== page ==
Colombian President Juan Manuel Santos said Tuesday that a ceasefire with FARC rebels will end on October 31, as both sides scramble to find a solution to the half-century conflict after voters rejected a peace deal.
The chief of the Revolutionary Armed Forces of Colombia (FARC) Rodrigo Londono, better known as Timoleon "Timochenko" Jimenez, promptly took to Twitter to ask "And after that, the war continues?"
Just a day earlier, he had vowed the guerrillas would continue to observe the ceasefire despite the referendum results.
"I hope we can move forward... to realize the necessary agreement to find a solution to this conflict," Santos said in a televised address from the presidential palace.
As part of his efforts to salvage the peace deal on which he has staked his legacy, Santos plans to meet with his former boss and current nemesis Alvaro Uribe at the presidential palace at 11:30 am (1630 GMT) Wednesday, officials said.
The high-stakes meeting comes after Colombians on Sunday narrowly voted against a deal Uribe had condemned as too lenient on the leftist guerrillas -- throwing the nearly four-year-old peace process into disarray and giving the former president a major victory.
Santos is fighting on two fronts after the unexpected result: he must find a compromise solution acceptable to both the hardliners in Uribe's camp and the FARC.
The government and the FARC have had a ceasefire in place since August 29, five days after the two sides clinched a peace deal following five years of arduous negotiations in Cuba. The ceasefire had originally been intended to be permanent.
The government's chief peace negotiator, Humberto de la Calle, has returned to Havana to see whether the FARC is open to revising the deal.
"The decision on whether to open up the agreements is a decision that falls to the FARC," Foreign Minister Maria Angela Holguin told a press conference.
Santos has named Holguin, de la Calle and Defense Minister Luis Carlos Villegas to hold talks with the opposition on salvaging the deal.
Holguin said the government is "fully ready" to listen to the deal's opponents.
She admitted the government was left scrambling by the surprise referendum result, which flew in the face of opinion polls.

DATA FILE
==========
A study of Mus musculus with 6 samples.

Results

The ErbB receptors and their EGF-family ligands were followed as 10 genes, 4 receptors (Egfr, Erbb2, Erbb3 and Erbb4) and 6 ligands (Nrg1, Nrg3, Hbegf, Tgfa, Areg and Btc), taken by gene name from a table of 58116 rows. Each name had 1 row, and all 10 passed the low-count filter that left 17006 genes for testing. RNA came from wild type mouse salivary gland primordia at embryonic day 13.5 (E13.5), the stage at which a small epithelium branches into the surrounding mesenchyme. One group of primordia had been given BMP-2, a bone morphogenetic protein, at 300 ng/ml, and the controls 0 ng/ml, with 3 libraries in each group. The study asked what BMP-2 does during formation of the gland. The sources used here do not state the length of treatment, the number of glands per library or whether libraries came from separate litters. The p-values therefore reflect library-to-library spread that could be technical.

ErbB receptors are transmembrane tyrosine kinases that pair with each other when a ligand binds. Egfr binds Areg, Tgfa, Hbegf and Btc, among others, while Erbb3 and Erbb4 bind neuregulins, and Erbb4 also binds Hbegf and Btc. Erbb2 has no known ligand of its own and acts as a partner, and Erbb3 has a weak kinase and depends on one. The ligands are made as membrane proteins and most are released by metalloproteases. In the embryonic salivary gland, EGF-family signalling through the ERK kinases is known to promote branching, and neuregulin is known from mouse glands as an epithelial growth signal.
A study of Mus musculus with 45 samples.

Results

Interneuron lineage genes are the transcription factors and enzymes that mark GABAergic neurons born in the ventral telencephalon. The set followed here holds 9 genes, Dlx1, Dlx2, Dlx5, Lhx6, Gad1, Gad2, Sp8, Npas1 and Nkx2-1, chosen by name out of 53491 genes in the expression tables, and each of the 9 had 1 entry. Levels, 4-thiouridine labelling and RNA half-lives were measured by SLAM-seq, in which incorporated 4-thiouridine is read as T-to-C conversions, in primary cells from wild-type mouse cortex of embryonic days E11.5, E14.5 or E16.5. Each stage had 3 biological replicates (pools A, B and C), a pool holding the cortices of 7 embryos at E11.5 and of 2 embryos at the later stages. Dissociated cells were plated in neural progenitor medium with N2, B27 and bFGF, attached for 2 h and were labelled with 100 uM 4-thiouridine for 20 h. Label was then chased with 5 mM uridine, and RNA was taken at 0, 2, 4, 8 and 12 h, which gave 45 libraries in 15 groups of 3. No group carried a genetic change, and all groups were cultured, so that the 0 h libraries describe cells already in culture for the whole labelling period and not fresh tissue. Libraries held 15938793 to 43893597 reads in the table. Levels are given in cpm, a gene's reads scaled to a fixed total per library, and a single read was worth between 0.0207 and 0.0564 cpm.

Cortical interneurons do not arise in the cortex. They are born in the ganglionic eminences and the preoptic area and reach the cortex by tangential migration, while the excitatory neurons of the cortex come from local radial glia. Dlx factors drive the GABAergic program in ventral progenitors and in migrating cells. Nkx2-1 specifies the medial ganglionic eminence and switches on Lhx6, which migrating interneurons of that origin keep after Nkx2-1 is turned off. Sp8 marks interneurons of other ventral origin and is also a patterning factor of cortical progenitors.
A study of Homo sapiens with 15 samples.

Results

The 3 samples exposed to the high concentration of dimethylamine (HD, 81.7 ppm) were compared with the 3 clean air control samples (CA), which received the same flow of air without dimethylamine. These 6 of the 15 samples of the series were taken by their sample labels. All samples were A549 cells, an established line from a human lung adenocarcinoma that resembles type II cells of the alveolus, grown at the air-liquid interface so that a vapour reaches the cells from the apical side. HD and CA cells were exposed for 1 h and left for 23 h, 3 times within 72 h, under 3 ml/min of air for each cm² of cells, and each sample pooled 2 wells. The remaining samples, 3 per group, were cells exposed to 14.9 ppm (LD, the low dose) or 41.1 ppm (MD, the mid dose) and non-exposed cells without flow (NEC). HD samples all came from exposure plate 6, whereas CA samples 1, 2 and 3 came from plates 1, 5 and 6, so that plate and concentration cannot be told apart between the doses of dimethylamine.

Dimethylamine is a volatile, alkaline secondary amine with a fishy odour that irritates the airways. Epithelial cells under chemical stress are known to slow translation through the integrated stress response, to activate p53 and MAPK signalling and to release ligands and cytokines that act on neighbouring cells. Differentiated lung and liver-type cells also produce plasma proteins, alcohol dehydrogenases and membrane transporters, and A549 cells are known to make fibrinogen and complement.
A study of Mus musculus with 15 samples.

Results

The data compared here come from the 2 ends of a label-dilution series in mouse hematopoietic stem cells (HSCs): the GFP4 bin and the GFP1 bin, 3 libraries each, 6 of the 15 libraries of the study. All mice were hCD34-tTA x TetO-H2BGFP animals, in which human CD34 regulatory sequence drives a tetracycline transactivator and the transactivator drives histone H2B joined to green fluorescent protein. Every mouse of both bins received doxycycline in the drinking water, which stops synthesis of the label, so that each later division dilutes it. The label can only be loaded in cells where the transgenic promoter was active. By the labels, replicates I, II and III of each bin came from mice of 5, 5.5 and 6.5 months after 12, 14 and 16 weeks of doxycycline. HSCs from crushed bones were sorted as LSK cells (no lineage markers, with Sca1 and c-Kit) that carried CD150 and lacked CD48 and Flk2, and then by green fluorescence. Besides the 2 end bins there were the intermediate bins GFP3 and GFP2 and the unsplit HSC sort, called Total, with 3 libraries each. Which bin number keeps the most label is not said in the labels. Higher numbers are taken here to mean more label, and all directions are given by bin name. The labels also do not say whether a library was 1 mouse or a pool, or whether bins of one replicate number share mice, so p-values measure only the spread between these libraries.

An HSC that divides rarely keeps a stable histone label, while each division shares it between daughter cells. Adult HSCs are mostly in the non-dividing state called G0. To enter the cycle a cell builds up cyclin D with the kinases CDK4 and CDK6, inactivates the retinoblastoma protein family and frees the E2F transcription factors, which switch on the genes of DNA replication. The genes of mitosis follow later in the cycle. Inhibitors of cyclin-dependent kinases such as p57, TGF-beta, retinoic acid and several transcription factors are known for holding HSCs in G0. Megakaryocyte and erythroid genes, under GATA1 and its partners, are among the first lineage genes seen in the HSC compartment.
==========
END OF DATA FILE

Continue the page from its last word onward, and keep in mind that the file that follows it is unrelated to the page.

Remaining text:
"There was no Plan B. We believed the country wanted peace," she said.
A United Nations mission tasked with overseeing the disarmament process was also left adrift.
"The mandate for the U.N. political mission... is for a peace deal. At this point, we don't have a peace deal," Holguin told journalists.
- Loaded rivalry -
The meeting between Santos and Uribe comes after the latter's right-wing party, the Democratic Center, snubbed emergency talks that Santos convened Monday at the presidential palace to chart a way forward with the country's top political leaders.
The two men have a complicated history.
Santos served as Uribe's defense minister from 2006 to 2009, leading a major army offensive against the FARC.
But he shifted gears after succeeding Uribe in 2010, opening peace talks with the weakened rebels -- and provoking a falling-out with his former boss, who branded him a traitor.
Santos will also meet with former president Andres Pastrana (1998-2002), another major opponent of the peace deal, an hour before Uribe, his office said.
Both meetings will be held behind closed doors.
Santos said on Twitter he had invited the two former presidents "to dialogue... in a constructive spirit."
His last known meeting with Uribe was in January 2011, after his government began secret talks with the FARC.
After formal talks with the rebels opened in Cuba in November 2012, Santos repeatedly offered to meet his predecessor, but no sit-down materialized.
The Colombia conflict has killed more than 260,000 people and left 45,000 missing over half a century, drawing in several leftist guerrilla groups, right-wing paramilitaries and drug gangs.
The FARC, the oldest and largest rebel group, was set to relaunch as a political party under the peace deal.